Welcoming vibes for all
I am a Ph.D. student at the University of Texas Health Science Center at San Antonio. I am from the beautiful country of Nepal, home to Mount Everest, and I did my undergraduate and master’s in microbiology in Nepal before coming to San Antonio in 2018 to pursue my doctorate.
Our research group under the supervision of Thomas Boyer focuses on understanding how uterine fibroids (or leiomyomas) arise and how they can be treated nonsurgically. My research specifically concentrates on deciphering the molecular mechanisms by which a myometrial stem cell responsible for forming and maintaining the smooth muscles of the uterine wall changes itself into a tumor-initiating stem cell believed to be the origin of these benign yet highly pathologic tumors.
Coming from a small country with a diverse culture, I love San Antonio for its welcoming vibes for people from all around the world in a truly multicultural setting. There’s a good chance that you’ll find your local restaurant around San Antonio, no matter which corner of the world you come from. I enjoy Nepalese food at Himalayan Kitchen and highly recommend others to try this once.
But there is much more to this city. There are plenty of famous tourist spots and museums to spend a day in while there are local hiking trails and parks to spend an evening. One of my favorites is the Japanese Tea Garden, which appeals to me with its beauty alongside its ancient touch and peacefulness despite being in the middle of the city.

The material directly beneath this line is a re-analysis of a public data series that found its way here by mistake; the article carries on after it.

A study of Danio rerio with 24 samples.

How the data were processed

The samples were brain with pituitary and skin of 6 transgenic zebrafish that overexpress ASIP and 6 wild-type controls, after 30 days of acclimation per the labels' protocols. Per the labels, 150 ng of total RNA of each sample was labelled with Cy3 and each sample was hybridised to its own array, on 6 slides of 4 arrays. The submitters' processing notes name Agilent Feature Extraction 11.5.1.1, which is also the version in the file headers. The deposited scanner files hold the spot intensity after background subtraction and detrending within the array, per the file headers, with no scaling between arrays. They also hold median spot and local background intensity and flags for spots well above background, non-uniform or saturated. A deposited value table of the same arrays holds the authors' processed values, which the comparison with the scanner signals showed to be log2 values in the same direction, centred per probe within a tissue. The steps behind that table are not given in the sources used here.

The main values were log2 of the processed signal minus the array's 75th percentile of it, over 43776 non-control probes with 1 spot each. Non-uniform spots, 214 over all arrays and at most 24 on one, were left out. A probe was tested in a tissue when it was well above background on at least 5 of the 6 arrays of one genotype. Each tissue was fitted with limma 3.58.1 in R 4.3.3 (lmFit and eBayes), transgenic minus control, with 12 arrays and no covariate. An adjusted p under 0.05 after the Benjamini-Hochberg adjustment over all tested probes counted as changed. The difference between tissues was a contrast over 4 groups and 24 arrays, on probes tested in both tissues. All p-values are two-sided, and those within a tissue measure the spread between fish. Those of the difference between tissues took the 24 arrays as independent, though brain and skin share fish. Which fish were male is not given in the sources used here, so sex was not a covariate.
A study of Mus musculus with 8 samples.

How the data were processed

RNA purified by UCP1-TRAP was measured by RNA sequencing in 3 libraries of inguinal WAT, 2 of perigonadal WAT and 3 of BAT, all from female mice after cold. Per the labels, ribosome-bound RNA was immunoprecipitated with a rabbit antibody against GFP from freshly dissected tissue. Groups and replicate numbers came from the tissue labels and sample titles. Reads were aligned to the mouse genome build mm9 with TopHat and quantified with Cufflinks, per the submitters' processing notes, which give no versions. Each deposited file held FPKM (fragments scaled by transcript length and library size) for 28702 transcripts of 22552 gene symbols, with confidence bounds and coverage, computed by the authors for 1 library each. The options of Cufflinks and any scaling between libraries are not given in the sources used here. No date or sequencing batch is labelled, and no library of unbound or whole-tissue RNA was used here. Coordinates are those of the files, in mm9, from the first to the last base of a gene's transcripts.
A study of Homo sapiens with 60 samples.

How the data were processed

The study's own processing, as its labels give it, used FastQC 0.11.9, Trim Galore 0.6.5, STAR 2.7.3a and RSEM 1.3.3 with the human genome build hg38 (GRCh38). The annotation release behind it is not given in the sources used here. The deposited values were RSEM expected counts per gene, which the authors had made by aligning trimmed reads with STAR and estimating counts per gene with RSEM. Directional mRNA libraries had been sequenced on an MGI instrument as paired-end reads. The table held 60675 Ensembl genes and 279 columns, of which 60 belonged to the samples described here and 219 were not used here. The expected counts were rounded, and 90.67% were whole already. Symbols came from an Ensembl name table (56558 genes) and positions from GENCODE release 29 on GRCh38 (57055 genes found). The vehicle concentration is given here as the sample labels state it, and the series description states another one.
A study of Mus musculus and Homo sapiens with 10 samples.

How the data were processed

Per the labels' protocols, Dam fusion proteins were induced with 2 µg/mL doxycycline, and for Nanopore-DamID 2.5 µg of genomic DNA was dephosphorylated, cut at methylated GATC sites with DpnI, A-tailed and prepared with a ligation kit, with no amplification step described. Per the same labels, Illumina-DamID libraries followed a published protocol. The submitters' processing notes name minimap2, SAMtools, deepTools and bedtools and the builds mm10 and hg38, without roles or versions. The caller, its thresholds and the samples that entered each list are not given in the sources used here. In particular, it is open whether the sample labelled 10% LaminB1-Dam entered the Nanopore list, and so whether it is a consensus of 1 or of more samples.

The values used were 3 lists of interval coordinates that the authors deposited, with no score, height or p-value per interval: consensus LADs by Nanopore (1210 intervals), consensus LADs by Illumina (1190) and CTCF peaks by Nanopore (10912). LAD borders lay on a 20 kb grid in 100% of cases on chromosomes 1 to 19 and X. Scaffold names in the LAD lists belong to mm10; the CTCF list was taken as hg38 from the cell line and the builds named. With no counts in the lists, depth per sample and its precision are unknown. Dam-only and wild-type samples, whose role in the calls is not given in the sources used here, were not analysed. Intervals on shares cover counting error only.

Finally, there is good news for science lovers too. The bioscience industry of San Antonio is in its exponential growth phase while other big Texas cities are approaching saturation.
Submit an abstract
Discover BMB, the annual meeting of the American Society for Biochemistry and Molecular Biology, will be held March 23–26 in San Antonio. Abstracts for poster presentations and spotlight talks will be accepted through Nov. 30. See the poster categories and spotlight talk themes.